Whenever I apply for a job that I think I really want, I busy myself for the five minutes following my submission and then settle down to wait for their call. I realize that this is ridiculous - no one calls five minutes after a job applicant sends his or her materials. However, once or twice, I received a response very shortly after my resume and cover letter were received. While that was very exciting, it did screw up my expectations since obviously it could happen. While I'm waiting for my future employer to call me, I have some time to reflect on the freelance and consulting jobs I'm doing now. (This is another waiting situation. I would be working on these projects instead of waiting for calls, but I'm waiting for feedback or further instructions before I can finish the work. This is fine, though. I expect the waiting period.) One of the jobs is a flat rate and the other is by the hour. Initially I thought that the flat rate people might be worse off than the hourly rate, but my analysis has revealed surprising data.

In my flat rate job, I tend to not think about how much time each task requires. I do the work, I submit it, I wait for feedback, and I revise. Repeat process. There's a rigid deadline, so I know this won't go on forever. I have no idea if I "made" money or if my client got some sort of steal. The price we agreed upon was based on the number of hours I estimated it would take me to complete the job. Since there's no need to track hours, I'm not stressing about how many hours I spent. I'm content.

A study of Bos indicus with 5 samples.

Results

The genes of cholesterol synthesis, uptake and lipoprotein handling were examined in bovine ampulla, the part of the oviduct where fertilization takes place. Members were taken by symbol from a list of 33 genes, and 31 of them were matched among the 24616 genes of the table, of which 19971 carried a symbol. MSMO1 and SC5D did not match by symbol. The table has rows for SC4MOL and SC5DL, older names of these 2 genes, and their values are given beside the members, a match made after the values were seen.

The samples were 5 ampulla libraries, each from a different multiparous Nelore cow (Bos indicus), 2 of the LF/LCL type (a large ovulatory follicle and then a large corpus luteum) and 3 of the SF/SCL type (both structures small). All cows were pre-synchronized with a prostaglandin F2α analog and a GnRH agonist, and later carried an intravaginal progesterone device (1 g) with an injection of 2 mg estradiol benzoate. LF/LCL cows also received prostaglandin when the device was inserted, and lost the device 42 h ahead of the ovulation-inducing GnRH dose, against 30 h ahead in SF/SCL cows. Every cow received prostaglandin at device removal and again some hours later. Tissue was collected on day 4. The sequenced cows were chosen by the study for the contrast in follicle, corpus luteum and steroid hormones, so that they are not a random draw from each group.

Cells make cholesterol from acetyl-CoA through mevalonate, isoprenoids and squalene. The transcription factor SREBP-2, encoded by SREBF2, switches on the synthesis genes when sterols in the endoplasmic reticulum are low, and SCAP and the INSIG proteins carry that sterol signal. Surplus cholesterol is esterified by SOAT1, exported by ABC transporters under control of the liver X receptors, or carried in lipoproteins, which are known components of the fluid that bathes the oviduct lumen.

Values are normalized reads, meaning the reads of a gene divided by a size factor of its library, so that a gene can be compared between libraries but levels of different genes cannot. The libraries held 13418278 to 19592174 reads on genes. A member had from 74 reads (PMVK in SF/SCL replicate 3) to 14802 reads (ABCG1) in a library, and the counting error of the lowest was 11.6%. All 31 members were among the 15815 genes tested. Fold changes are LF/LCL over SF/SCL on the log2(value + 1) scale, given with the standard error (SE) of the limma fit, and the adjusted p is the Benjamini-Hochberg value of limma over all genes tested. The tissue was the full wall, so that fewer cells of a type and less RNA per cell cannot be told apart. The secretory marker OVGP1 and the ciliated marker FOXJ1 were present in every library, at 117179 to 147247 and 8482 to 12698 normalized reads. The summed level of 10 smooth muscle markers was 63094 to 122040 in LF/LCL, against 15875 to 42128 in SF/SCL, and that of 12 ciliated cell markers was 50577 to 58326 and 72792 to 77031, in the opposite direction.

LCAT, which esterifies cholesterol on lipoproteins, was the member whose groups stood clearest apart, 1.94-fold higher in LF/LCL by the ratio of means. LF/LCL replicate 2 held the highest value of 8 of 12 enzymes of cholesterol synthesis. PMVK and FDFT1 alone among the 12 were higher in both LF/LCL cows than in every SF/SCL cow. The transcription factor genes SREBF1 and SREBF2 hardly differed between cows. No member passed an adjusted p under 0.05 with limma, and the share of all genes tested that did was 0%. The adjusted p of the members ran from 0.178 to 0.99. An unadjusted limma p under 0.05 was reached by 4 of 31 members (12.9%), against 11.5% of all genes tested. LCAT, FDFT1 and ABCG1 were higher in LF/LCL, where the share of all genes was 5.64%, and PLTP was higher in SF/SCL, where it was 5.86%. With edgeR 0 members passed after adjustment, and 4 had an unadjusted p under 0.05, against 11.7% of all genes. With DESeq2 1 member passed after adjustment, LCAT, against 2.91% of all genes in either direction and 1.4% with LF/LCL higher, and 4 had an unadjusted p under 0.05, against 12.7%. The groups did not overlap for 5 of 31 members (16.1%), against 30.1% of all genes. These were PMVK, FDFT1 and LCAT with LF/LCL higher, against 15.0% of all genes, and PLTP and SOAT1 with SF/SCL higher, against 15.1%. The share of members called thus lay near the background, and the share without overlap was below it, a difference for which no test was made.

My hourly rate job, however, is making me nuts. The contract says that I get paid $X for Y hours, and I can't make a dime more. Every second I spend above Y hours makes me angry. I can't believe I'm doing all this extra work and not being compensated for it. It's a slightly different situation because it is a teaching gig, but it does not make me inclined to spend hours evaluating students' homework when my time will go unpaid. I already am not being paid for the hours of prep work I pour into each class. I basically get paid to instruct and that's it. What is interesting, though, is if they had just told me that I would get a set amount to teach a set number of classes, I'd not think about it all. Like my flat rate job, any additional work generated by the work would just be part of the job. (Just like a regular job - no problem.)

Fascinating how semantics makes such a difference. The same deal sounds good in one situation and awful in another.